Eating Disorders Among BIPOC Women



“Melanin – which determines skin color in our bodies – does not protect from an eating disorder” – Marisol Perez, Ph.D.

Women_Hands_Tara Rivera

In my nutrition graduate school studies, I wanted to study eating disorders among BIPOC communities. Most of the research articles I found were among Caucasian women during their early adulthood and college years. I realized that it was an example of stereotypes that only Caucasian women develop eating disorders and a model minority myth that BIPOC women do not develop them.

Specifically among Asians, the model minority myth “highlights that Asian Americans’ higher level of achievement than any other racial and ethnic group, especially regarding their economic success, academic achievement, family values, law-abiding spirit, and low levels of criminal involvement.” This thinking is detrimental as it minimizes support like mental health services for this community.

However, more research indicates eating disorders are increasing among ethnic minority women, making it necessary to understand this trend’s factors.

A study examining the experiences of ethnic minority women was conducted with Korean college women, assessed the effects of self-esteem and depression on abnormal eating. For example, researchers found that abnormal eating behaviors could not be predicted by self-esteem and depression. Instead, abnormal eating behaviors were more prevalent when women exhibited low self-esteem and high depression with their bodies.

Other studies have indicated that Asian women who try to adopt the American ideal of thinner body culture and Caucasian image have also reported low self-esteem and dissatisfaction with their facial features.

Low self-esteem is similar among the Hispanic women population trying to assimilate to the American culture. Hispanic women have stated receiving mixed messages on health, weight, appearance, and diet, resulting in higher incidences of disordered eating.

I am encouraged that more BIPOC research around eating disorders is occurring, but it’s not making it to mainstream media.

As it relates to BIPOC women and non-binary with an eating disorder, the more we can share about the colonizing effects in assimilating into a culture that is not of their origin can impact body image perceptions. Knowing that anyone can develop an eating disorder, the better families, friends, religious/spiritual, and services can support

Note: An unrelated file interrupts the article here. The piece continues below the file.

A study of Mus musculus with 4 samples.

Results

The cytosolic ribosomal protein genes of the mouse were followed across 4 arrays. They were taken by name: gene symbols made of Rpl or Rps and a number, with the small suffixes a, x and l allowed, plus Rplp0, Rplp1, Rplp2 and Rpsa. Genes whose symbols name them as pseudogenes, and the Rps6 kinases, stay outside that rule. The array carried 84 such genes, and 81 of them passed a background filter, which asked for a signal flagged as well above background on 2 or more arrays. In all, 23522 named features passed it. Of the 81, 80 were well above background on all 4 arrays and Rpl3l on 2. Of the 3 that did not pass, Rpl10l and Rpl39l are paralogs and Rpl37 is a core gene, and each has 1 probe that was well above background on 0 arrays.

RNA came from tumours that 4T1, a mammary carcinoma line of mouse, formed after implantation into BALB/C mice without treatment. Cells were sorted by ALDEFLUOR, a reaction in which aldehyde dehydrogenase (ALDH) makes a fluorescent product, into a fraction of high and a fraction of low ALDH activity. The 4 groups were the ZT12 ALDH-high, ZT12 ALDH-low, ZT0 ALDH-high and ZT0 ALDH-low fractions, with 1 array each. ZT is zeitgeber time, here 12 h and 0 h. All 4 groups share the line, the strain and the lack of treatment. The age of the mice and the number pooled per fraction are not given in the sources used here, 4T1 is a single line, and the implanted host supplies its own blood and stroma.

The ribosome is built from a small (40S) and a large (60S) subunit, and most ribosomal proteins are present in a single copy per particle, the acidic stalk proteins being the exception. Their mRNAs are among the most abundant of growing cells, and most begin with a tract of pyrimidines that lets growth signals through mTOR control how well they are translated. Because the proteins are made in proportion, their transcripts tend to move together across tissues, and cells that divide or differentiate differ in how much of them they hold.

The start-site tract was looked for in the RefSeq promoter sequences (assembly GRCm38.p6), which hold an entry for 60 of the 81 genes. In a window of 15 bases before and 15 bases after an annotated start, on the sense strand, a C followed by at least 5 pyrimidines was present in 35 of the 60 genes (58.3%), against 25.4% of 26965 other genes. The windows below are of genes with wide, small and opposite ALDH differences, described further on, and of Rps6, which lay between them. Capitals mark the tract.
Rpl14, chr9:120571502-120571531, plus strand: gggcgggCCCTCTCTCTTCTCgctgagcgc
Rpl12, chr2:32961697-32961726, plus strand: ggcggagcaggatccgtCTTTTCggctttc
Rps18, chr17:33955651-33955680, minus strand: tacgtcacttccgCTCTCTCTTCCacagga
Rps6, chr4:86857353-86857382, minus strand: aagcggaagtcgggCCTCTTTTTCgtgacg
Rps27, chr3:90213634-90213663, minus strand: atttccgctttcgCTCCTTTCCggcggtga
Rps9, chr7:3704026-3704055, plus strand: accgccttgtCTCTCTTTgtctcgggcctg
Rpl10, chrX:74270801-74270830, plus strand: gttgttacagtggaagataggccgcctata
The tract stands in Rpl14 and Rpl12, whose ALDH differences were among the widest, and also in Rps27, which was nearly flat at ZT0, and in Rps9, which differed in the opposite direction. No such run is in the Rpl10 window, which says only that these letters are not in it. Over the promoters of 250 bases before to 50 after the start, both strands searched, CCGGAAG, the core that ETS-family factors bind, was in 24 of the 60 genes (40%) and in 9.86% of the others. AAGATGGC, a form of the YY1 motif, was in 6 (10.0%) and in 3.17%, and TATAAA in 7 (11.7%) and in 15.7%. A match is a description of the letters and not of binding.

If you know of someone who needs support, please seek support whether through our religious/spiritual communities, family, friends.

If not comfortable with those approaches, here are some other resources.

Academy of Eating Disorders (AED)

National Association of Anorexia Nervosa and Associated Disorders (ANAD)

The Body Positive

Eating Disorders Anonymous

Eating Disorder Coalition for Research, Policy and Action

Eating Disorder Hope

International Association of Eating Disorders Professionals (IAEDP)

National Eating Disorders Association (NEDA)


The National Eating Disorders Screening Program


Want to learn more about my personal journey with body image, check out the Body Shaming in the Filipinx Culture post.


With gratitude,




Kransa, J. (2020). Eating disorders can be any color. F.E.A.S.T

Kroon Van Diest, A. M., Tartakovsky, M., Stachon, C., Pettit, J. W., & Perez, M. (2014). The relationship between acculturative stress and eating disorder symptoms: Is it unique from general life stress? Journal of Behavioral Medicine, 37(3), 445-457.

Lim, S. A., & You, S. (2017). Effects of self-esteem and depression on abnormal eating behavior among Korean female college students: Mediating role of body dissatisfaction. Journal of Child and Family Studies, 26(1), 176-182.

Quick, V. M., & Byrd-Bredbenner, C. (2014). Disordered eating, socio-cultural media influencers, body image, and psychological factors among a racially/ethnically diverse population of college women. Eating Behaviors, 15(1), 37-41.

Yi, S., & Hoston, W. T. (2020). Demystifying americanness: The model minority myth and the black-korean relationship. Journal of Ethnic and Cultural Studies, 7(2), 68-89.